Stretching out the measuring line (Jer. 2:8) is a military action. If the army did not have enough troops to guard a captured city, they might measure out certain lengths of wall to destroy. By doing this, they ensured that the city could not defend itself if it tried to rebel against its new captors.
Wormwood was a bitter-tasting shrub that grew wild along the rocky slopes of Palestine. In Scripture, its bitter taste is often symbolic of hardship and sorrow.
The fall of Jerusalem. Jerusalem had been invaded several times, but had always survived. Finally, however, because of the people’s continued rebellion, the Lord allowed the Babylonians to conquer Jerusalem in 586 b.c. Lamentation Chapter 4 contrasts Judah’s glory days with its pitiful state after judgment.
Lamentations contains five poems that mourn the fall of Judah and the sin that caused it. Chapters 1–3 and 4 are acrostic poems. This means that each verse starts with a different letter of the Hebrew alphabet, in alphabetical order. Psalm 119 is another example of an acrostic poem.
The Babylonians exiled people from Judah and Jerusalem in stages. Daniel and his friends were taken in 605 b.c. Ezekiel was deported in 597 b.c., along with King Jehoiachin and many others (2 Kings 24:8–17). The final exile occurred 10 years later.
Son of man (or “son of Adam”) highlights the prophet’s humanity before the holy God. Ezekiel is called “son of man” 93 times in this book.
Tel-abib was located along the Chebar canal near Babylon. Ezekiel settled there with a community of fellow deportees from Judah (Ezekiel 3:15). Many exiles prospered in Babylon, and when the Persians allowed them to return to Jerusalem, many decided to stay.
God sometimes asked Ezekiel to act out his prophetic message. In Ezekiel ch. 4, God asks him to lie on his side for 430 days. In Ezekiel ch. 5, Ezekiel shaves his beard, a shameful act for a priest, to warn the people that God would judge Jerusalem for its rebellion.
God sent the prophets to warn Israel that the Day of the Lord was coming, when God would judge his people for their rebellion against him (Ezekiel 3:19; Amos 5:18–20; Isa. 2:12). Here Ezekiel specifically condemns Jerusalem’s crime and violence (Ezekiel 7:23).
A writing case (Ezekiel 9:2) was standard equipment for scribes. The case provided a surface for writing upon and a place for storing pens and ink. It also contained a knife for keeping the pens sharp.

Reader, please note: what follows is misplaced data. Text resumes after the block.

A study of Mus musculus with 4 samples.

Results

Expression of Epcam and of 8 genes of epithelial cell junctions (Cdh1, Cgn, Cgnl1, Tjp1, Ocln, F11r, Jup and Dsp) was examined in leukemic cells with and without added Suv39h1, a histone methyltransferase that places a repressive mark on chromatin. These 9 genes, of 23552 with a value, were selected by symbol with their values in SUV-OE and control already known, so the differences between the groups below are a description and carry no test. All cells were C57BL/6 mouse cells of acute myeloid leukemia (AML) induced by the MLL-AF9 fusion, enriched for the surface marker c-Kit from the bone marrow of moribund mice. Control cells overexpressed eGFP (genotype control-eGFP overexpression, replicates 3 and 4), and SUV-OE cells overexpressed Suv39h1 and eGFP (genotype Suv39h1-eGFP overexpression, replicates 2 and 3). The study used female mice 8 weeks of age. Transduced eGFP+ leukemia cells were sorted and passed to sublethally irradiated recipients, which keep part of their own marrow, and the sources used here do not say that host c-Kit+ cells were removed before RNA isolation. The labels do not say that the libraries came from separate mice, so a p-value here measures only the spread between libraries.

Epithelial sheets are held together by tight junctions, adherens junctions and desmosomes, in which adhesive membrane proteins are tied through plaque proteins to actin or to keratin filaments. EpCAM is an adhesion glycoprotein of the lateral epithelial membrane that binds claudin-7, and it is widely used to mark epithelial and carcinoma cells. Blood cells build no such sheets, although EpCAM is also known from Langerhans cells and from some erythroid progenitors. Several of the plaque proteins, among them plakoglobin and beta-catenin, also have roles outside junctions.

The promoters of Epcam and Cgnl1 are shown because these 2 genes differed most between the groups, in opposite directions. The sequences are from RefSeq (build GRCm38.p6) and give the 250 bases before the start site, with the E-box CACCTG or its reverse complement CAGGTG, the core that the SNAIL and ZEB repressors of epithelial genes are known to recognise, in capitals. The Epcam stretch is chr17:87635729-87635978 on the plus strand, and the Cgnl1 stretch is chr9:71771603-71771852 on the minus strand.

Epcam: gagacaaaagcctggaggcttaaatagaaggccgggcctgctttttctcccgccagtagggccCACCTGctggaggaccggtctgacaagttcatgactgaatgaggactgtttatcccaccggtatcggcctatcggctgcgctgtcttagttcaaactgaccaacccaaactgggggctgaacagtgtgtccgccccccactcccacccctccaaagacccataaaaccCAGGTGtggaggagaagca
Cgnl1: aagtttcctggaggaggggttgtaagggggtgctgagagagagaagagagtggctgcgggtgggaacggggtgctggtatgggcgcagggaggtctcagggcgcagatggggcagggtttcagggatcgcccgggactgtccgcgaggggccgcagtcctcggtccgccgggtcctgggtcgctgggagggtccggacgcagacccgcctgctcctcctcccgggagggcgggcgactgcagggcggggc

Hearts of flesh to replace hearts of stone. The Lord says that his rebellious people have a “heart of stone” (Ezekiel 11:19), but he promises to someday give them a “heart of flesh,” enabling them to love and obey him.
Though Zedekiah was king of Judah at the time, Ezekiel refused to call him king. Instead, he calls him “the prince in Jerusalem” (Ezekiel 12:10). This is because Zedekiah was a “puppet king” placed on the throne by the Babylonians.
The women in Ezekiel 13:17 who “prophesy out of their own hearts” were false prophets and magicians. Unlike Miriam (Ex. 15:20), Deborah (Judg. 4:4), and Huldah (2 Kings 22:14), these female prophets did not speak God’s words.
Ezekiel compares the Jerusalemites to a vine that can only be used as fuel for a fire (Ezekiel ch. 15). In the Bible, the people of God are often compared to a vine. Jesus describes his relationship with his followers using vine imagery in John 15:1–11.
A “fable” with an important message. Ezekiel’s story about the two eagles, the cedar tree, and the vine could be considered a type of “fable.” A fable is a story in which animals or plants are the main characters. Though they are sometimes entertaining to read, biblical fables teach important lessons.
Are God’s judgments fair?
Some of the exiles complained that God was punishing them for their parents’ sins (Ezekiel ch. 18). Ezekiel replies that God will not judge on the basis of a parent’s sins; neither will he forgive because of a parent’s righteousness. God’s judgement is fair.
The Hebrew word for swearing an oath (Ezekiel 20:5) literally means “I raised my hand.” In courtrooms today, people are asked to raise their right hand as they take an oath, promising to tell the truth.
Like Jesus, the prophets sometimes used parables to explain their messages. Parables convey a message by comparing one thing with another. Ezekiel apparently found the parable God gave him in Ezekiel 20:49 particularly difficult to deliver (see also Ezekiel 17:2).
Strange religious practices. The pagan King Nebuchadnezzar employed three means of divination to decide what he should do (Ezekiel 21:21). Shaking arrows is similar to casting lots. The teraphim are household gods (small figurines). “Looking at the liver” means examining the liver of a sacrificed animal.
Samaria was defeated by the Assyrians in 722 b.c., bringing the northern kingdom of Israel to an end. Judah’s final defeat came in 587 b.c. Ezekiel portrays the two kingdoms as two sisters (Ezekiel ch. 23). Their unfaithfulness to God caused their defeat.